Great Waters at Reynolds Lake Oconee Golf Course Review

Introduction

With 21 miles of lakefront, Reynolds Lake Oconee doesn’t lack for beautiful real estate, but none of their golf courses put this to use as well at Great Waters.  With nine holes that prominently feature the lake, it’s not only the most beautiful course on the property, it’s one of the more picturesque courses I’ve played.  But this course is more than a pretty face, it’s also a fun and challenging test.

Practice Facility

The driving range, short game area, and putting green flow perfectly from the clubhouse to the first tee.  Warm up on a two-tiered range and then walk fifty feet to get a feel for chipping and pitching.

The putting green is within sight of the first tee so that you can feel out the breaks before heading off.  Great Waters also has a beautiful putting green between the club house and the lake for settling bets or honing your skills while staring at Lake Oconee.

Customer Service & Amenities

As is the case everywhere at Reynolds Lake Oconee, the customer service at Great Waters is excellent.  There are ample staff members from the bag drop to the first tee to get your round started smoothly.

Great Waters features two restaurants: the Waterview Pub and a more formal restaurant above the pro shop.  Both have gorgeous views of the lake and together they provide enough dining options to please any golfer.

Beauty & Scenery

Aesthetically, Great Waters is two different experiences in one.  Holes 1 through 8 are inland, playing through the trees.  These holes don’t have the dramatic elevation changes of Creek Club but instead have an understated elegance.  The rolling elevation, tasteful bunkering, and meandering creeks keep you engaged.

From the approach at #9 through the end of the round, you will be stopping regularly to admire the views.  Lake Oconee is your traveling partner through the back nine, whether you’re playing over it, around it, or alongside it.

Tee Shots

Jack Nicklaus uses a combination of elements to make driving at Great Waters tough but fair.  The space between the tree lines is wide on most of the holes, and there’s ample fairway.  However, the rough is thick and long.  Staying between the trees is not enough if you want to have a good play to the green.

Two other elements add to the challenge.  First, a number of holes play uphill.  This can take the legs out of your drives, particularly when the course is wet.  Additionally, clever use of angles and trees makes some tee shots look uncomfortable.  While there may be plenty of width, a single tree often changes the view enough to tighten your grip on the driver.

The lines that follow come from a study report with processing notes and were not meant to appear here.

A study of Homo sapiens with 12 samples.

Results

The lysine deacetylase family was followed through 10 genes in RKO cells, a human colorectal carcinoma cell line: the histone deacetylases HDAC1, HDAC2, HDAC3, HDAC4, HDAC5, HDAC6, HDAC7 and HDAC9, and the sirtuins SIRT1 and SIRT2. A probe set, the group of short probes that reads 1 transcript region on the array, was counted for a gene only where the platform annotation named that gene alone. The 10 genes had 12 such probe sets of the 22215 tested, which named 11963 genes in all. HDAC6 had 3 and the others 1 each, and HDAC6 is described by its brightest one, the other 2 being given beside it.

In short, Great Waters will only penalize the most reckless drivers, but it will only reward the most skilled.

Approach Shots

The most common complaint about Jack Nicklaus courses (one which I’ve voiced myself), is that the approach shots are too demanding.  This is not the case at Great Waters.  Over half the greens have only one bunker or none at all.  Even the holes with multiple greenside bunkers have safe sides and bail out areas that the strategic player can use to their advantage.

While there are always safe areas to play into, shooting a low score will require taking on some risk and executing great shots.  #5 – a par 4 – is a good example and one of the strongest holes on the course.  Your approach needs to carry a creek and the shallow green is angled so that the right side runs away from the golfer.  There’s ample space short and left, or you can be long and safe, but to get near the flag you’ll need precise distance control and the willingness to take on the water.

Greens & Surrounds

The greens at Great Waters continue the theme of high playability combined with strong resistance to low scores.  These putting surfaces are of average size and the breaks are mostly subtle.  There are a handful of tiered greens and some big swinging putts, but mostly you’ll be working to decipher small breaks and hit precise lines.

Around the green, the fringe is allowed to grow a bit taller than at other Reynolds Lake Oconee courses.  This removes the option of putting the ball from the surrounds and increases your reliance on good lies, but the extra grass can make chipping and pitching a bit easier.  The key is keeping your ball in the right areas.  If you play to the wrong side of the green, you may miss by only a few paces but find your ball in tall, thick rough.  Short shots from the fringe are much more predictable, so make sure you’re planning your approaches carefully.

Conclusion

Great Waters at Reynolds Lake Oconee is easily the best Jack Nicklaus design that I’ve played, and one that I’d like to play again.  This is the rare course that can be welcoming to the new or less skilled golfer (from the correct tee box) while also challenging the talented player.  Add to that the beauty of nine holes of Lake Oconee, and you have the recipe for a truly top tier golf course.


Co-Founder, Editor In Chief at PluggedInGolf.com
Matt is a golf instructor, club fitter, and writer living in the northwest suburbs of Chicago. Matt's work has been published in Mulligan Magazine, Chicagoland Golf, South Florida Golf, and other golf media outlets. He's also been a featured speaker in the Online Golf Summit and is a member of Ultimate Golf Advantage's Faculty of Experts.